Setting up a mezcal tasting is like setting the stage for a sensory symphony, where each note strikes a unique chord with your senses. As we immerse ourselves in the world of mezcal, we’re not just sampling a spirit; we’re savoring centuries of tradition, craftsmanship, and the very essence of the land where the agave is nurtured. I encourage you to embrace the diversity of mezcal, to explore its depths with an open mind and palate.
With so many spirits in the market, it can be daunting to figure out where to begin. While choosing a few bottles at random and tasting them with friends can be a good learning experience, the idea behind this guide is to offer a curated selection of spirits that each tell a different part of the same story. Accompanied by pairing bites chosen to enhance the unique qualities of these spirits takes it a step further. Of course feel free to take liberties and change a few things around. Again, this is a guide to get you started, not a strict play by play manual.
I’m a fall girlie and I associate this time of year with overflowing harvest baskets of produce, spiced baked goods, and comforting beverages. To accompany the vibe of the season, I’ve chosen three spirits: Don Mateo Pechuga for its fruity and spicy undertones; Origen Raiz Cenizo for its spicy red fruits and toastiness, and Palomas Mensajeras Chino/Alto/Mexicano for its cozy creaminess and decadence.
Origen Raiz Cenizo
Made in Tuitan, Durango by Ignacio Grijalva and family, the mezcal is 100% wild Cenizo Durangensis from the ranch where it is made. Made in a hybrid style that combines the best of Duranguense and Oaxacan tradition in copper pot stills, it is bottled at 48%abv.
Don Mateo Pechuga
Made by Emilio Vieyra in Pino Bonito, Michoacan with the pechuga recipe of his mother and mezcal matriarch of Michoacan Dona Delia Vargas Vieyra, the base for this spirit is Cupreata. Made in a wooden Filipino still with agave from their ranch that doubles as a nature preserve, it is bottled at 45%abv.
Palomas Mensajeras Chino/Alto/Mexicano
This spirit is made by Miguel Perez Resendiz in Oponguio Michoacán from three agave varieties- Cupreata, Ineaquidens, and Rhodacantha that are 2 years capon in a wooden Filipino style still. It was aged in glass and bottled at 50%abv.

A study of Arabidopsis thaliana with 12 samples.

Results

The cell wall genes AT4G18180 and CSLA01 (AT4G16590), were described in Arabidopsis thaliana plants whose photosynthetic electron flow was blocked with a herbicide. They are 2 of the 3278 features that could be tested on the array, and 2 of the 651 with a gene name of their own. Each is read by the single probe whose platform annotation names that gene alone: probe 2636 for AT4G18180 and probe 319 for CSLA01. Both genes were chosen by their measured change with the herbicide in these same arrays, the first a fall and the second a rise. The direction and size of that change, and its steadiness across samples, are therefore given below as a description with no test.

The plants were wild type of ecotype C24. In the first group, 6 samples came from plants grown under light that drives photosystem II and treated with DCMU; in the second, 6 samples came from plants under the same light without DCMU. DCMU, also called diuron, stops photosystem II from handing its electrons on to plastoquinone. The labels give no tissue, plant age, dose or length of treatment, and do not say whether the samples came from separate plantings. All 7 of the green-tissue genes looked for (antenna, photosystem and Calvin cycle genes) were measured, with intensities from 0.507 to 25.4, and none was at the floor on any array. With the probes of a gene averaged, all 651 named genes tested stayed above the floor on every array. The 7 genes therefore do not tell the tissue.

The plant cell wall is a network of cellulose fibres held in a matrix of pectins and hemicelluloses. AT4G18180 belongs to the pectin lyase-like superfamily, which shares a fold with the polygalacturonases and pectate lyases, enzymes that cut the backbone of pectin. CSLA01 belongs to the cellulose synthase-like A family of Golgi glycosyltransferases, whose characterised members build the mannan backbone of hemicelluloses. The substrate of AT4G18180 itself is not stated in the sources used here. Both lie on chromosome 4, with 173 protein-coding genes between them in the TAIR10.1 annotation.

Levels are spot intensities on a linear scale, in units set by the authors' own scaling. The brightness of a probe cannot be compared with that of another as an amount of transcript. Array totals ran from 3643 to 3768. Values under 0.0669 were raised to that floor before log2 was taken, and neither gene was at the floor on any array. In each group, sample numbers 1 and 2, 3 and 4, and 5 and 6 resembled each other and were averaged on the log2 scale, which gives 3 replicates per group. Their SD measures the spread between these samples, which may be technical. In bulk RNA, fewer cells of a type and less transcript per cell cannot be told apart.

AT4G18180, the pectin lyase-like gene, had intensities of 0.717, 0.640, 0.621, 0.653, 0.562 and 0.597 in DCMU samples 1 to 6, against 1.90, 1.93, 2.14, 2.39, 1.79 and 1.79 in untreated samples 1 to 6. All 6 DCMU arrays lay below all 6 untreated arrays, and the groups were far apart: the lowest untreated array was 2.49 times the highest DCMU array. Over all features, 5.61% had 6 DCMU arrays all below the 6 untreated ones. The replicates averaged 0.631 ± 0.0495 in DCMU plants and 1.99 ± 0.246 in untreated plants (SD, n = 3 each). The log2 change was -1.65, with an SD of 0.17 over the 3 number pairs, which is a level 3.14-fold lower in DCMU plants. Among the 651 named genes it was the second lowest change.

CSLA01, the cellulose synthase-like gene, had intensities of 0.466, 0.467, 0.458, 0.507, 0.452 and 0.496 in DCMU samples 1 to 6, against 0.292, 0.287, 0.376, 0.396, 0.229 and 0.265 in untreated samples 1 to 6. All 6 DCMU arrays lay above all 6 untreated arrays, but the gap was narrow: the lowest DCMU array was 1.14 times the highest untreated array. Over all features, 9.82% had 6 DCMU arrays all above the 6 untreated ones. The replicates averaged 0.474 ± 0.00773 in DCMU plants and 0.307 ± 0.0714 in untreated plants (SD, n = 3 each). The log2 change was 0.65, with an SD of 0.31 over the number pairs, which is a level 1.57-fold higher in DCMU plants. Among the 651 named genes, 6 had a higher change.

Toasted pecans with ancho chili and maple
Simple toasted pecans are fine, but if you are willing to put in the extra effort, toast them in a pan with a small amount of butter, ancho chili powder, and a tiny amount of maple syrup. You don’t want these to be too sweet; traditional candied pecans will overpower the mezcal- you just want a hint of sweetness to balance out the spice from the chili powder.
Cinnamon apples with orange zest
These can be made on the stovetop or in the oven. Prep the apples by cutting into bite sized pieces, with or without the skin, and toss with a generous amount of cinnamon and some orange zest. Cook until the apples are soft but not mushy like applesauce. If using very sweet apples, use a small amount of lemon juice, or if using tart apples, use a small amount of orange juice. To enjoy, eat by the spoonful, or heaped onto toasted whole grain bread.
Beemster XO extra aged Gouda
If Beemster is unavailable, other extra aged Goudas will work well. Let the cheese come to room temperature before enjoying. For aged Goudas it is easier to chunk it up by putting a knife into it and twisting, rather than slices into neat pieces.
The pairings were chosen to highlight the corresponding individual mezcals as well as to work with each other. Start, in the order as listed, with the mezcal on its own. Then go back through tasting each mezcal with its corresponding pairing. Finally, taste each mezcal with the other pairings, mixing and matching. Notice how the flavors play together and what each bite brings out in each mezcal, and savor the differences in personal preference that emerge as you taste.